Anglesea Power Station (Finally) Demolished, Land Use Framework Released

Anglesea power station site

After taking a second crack at leveling Victoria’s Anglesea Power Station – success; followed by the release of the Land Use Framework for the site yesterday.

As we mentioned last week, Anglesea Power Station was a 150MW brown coal-fired clunker that closed along with the coal mine that fed it in 2015. A failed attempt to demolish the power station occurred in late May this year.

Another demolition attempt was planned for last week and this time around, things apparently went according to plan according to Alcoa. Unfortunately, I don’t have any video of the event – but if you like watching old coal power stations being blown up, try here and here.

Yesterday, the Andrews Labor Government  announced a new plan for the former Alcoa coal mine and power station had been released. The implementation of the plan will see areas opened up to the public for the first time in 50 years.

As previously mentioned, some of the feedback in the leadup to the Framework’s release regarding how the site should be used included the construction of large scale solar, wind and storage facilities; with a view to seeing the town of Anglesea 100%  powered by renewable energy.

The Role Of Renewables

Under the final Framework, renewables will be permitted in a couple of areas; 3 and 6

Anglesea renewable energy

However, there’s a catch. The fine print states these areas are for:

“eco and adventure based tourism facilities and accommodation, to be a unique destination that respects the environment and contributes to the regional economy, with complementary retail, commercial uses, community and visitor facilities, camping, active recreation and renewable energy facilities.”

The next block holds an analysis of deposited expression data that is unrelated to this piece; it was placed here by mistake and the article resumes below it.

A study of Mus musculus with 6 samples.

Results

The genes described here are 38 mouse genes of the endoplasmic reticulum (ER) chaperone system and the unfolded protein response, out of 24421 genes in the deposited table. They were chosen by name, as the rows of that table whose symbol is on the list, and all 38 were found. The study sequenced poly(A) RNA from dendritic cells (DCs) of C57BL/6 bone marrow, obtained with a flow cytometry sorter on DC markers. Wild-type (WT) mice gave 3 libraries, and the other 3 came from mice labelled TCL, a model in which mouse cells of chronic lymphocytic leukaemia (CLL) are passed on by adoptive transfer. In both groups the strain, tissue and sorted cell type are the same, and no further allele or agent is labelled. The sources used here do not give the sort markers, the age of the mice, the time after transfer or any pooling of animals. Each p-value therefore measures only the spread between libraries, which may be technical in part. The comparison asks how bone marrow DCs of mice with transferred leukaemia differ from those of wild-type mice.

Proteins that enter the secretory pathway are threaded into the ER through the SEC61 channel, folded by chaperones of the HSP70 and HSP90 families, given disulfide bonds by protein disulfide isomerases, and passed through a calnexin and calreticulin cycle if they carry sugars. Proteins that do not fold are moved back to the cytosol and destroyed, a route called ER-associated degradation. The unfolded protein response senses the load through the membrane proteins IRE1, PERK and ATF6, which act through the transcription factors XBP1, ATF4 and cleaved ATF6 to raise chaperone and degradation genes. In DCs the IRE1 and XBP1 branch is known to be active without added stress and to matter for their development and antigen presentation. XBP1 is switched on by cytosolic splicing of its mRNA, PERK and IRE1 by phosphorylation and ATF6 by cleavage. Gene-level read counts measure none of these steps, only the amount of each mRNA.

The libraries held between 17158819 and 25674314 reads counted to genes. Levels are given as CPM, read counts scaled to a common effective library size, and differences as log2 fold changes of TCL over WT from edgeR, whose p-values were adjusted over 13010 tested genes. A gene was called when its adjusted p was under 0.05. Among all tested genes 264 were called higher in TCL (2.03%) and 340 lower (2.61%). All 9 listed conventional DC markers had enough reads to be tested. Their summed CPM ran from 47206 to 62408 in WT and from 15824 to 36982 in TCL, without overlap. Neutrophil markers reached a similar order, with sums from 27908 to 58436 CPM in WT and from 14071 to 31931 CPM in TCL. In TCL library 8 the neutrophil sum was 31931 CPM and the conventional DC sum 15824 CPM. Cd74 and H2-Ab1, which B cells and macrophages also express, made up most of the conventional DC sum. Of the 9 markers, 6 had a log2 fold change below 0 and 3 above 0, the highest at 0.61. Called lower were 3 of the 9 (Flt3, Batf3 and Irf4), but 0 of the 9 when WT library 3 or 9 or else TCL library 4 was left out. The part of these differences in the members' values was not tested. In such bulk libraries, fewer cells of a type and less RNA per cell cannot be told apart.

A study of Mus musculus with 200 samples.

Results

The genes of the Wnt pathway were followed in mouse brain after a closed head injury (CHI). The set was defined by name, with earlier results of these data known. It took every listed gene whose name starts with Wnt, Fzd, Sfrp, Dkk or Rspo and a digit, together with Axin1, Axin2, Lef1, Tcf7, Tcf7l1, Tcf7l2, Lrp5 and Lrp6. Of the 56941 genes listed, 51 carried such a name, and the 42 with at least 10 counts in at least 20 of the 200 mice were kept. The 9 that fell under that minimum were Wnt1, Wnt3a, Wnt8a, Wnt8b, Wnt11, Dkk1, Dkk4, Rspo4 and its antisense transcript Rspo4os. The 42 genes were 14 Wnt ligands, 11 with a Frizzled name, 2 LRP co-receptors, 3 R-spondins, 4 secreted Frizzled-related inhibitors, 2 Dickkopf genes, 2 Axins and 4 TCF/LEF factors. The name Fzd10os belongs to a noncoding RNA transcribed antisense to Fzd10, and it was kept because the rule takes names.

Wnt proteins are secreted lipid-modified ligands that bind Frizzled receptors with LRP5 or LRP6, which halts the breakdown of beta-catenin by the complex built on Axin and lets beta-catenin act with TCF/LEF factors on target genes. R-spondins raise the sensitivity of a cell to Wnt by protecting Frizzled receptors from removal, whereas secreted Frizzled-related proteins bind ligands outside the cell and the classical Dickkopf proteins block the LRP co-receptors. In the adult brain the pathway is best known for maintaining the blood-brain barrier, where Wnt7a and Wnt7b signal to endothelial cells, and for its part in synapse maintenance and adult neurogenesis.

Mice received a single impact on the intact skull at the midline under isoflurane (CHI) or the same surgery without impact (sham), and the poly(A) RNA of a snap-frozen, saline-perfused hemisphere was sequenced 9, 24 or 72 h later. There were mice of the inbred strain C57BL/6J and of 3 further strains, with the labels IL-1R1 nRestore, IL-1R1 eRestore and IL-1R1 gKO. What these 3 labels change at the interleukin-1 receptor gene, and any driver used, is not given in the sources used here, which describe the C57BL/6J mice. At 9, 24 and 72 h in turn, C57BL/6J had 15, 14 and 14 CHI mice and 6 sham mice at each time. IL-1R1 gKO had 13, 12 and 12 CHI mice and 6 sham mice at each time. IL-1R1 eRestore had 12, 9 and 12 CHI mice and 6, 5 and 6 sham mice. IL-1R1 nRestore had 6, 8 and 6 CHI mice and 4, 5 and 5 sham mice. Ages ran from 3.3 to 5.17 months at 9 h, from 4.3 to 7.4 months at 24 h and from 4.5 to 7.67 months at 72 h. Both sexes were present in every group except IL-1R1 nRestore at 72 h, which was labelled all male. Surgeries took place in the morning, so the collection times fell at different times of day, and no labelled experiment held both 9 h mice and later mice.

Area 3 consists of 39 hectares and area 6 is 62 hectares; but the important point is renewables will be “complementary”, and cannot be integrated to the potential exclusion of other uses.

Not all renewable energy options will be permitted in these areas. For example, wind turbines would be inconsistent with State policy and the Surf Coast Planning Scheme as the areas are within 5 kilometres of the coastline.

While some may be disappointed large-scale wind and solar power won’t be making an appearance at the site, the demise of Anglesea Power Station and the land not being used for heavy industry going forward remains a big win – the people of Anglesea can quite literally breathe a little easier.

“The new framework will maintain the natural beauty of this area and open it up for future generations to enjoy and explore,” said Victorian Minister for Energy, Environment and Climate Change Lily D’Ambrosio.

Here’s hoping resources will be in place to enable adequate monitoring and maintenance of the area given the number of people who will be running around out there.

The full Anglesea Futures Land Use Framework can be viewed here (PDF).

About Michael Bloch

Michael caught the solar power bug after purchasing components to cobble together a small off-grid PV system in 2008. He's been reporting on Australian and international solar energy news ever since.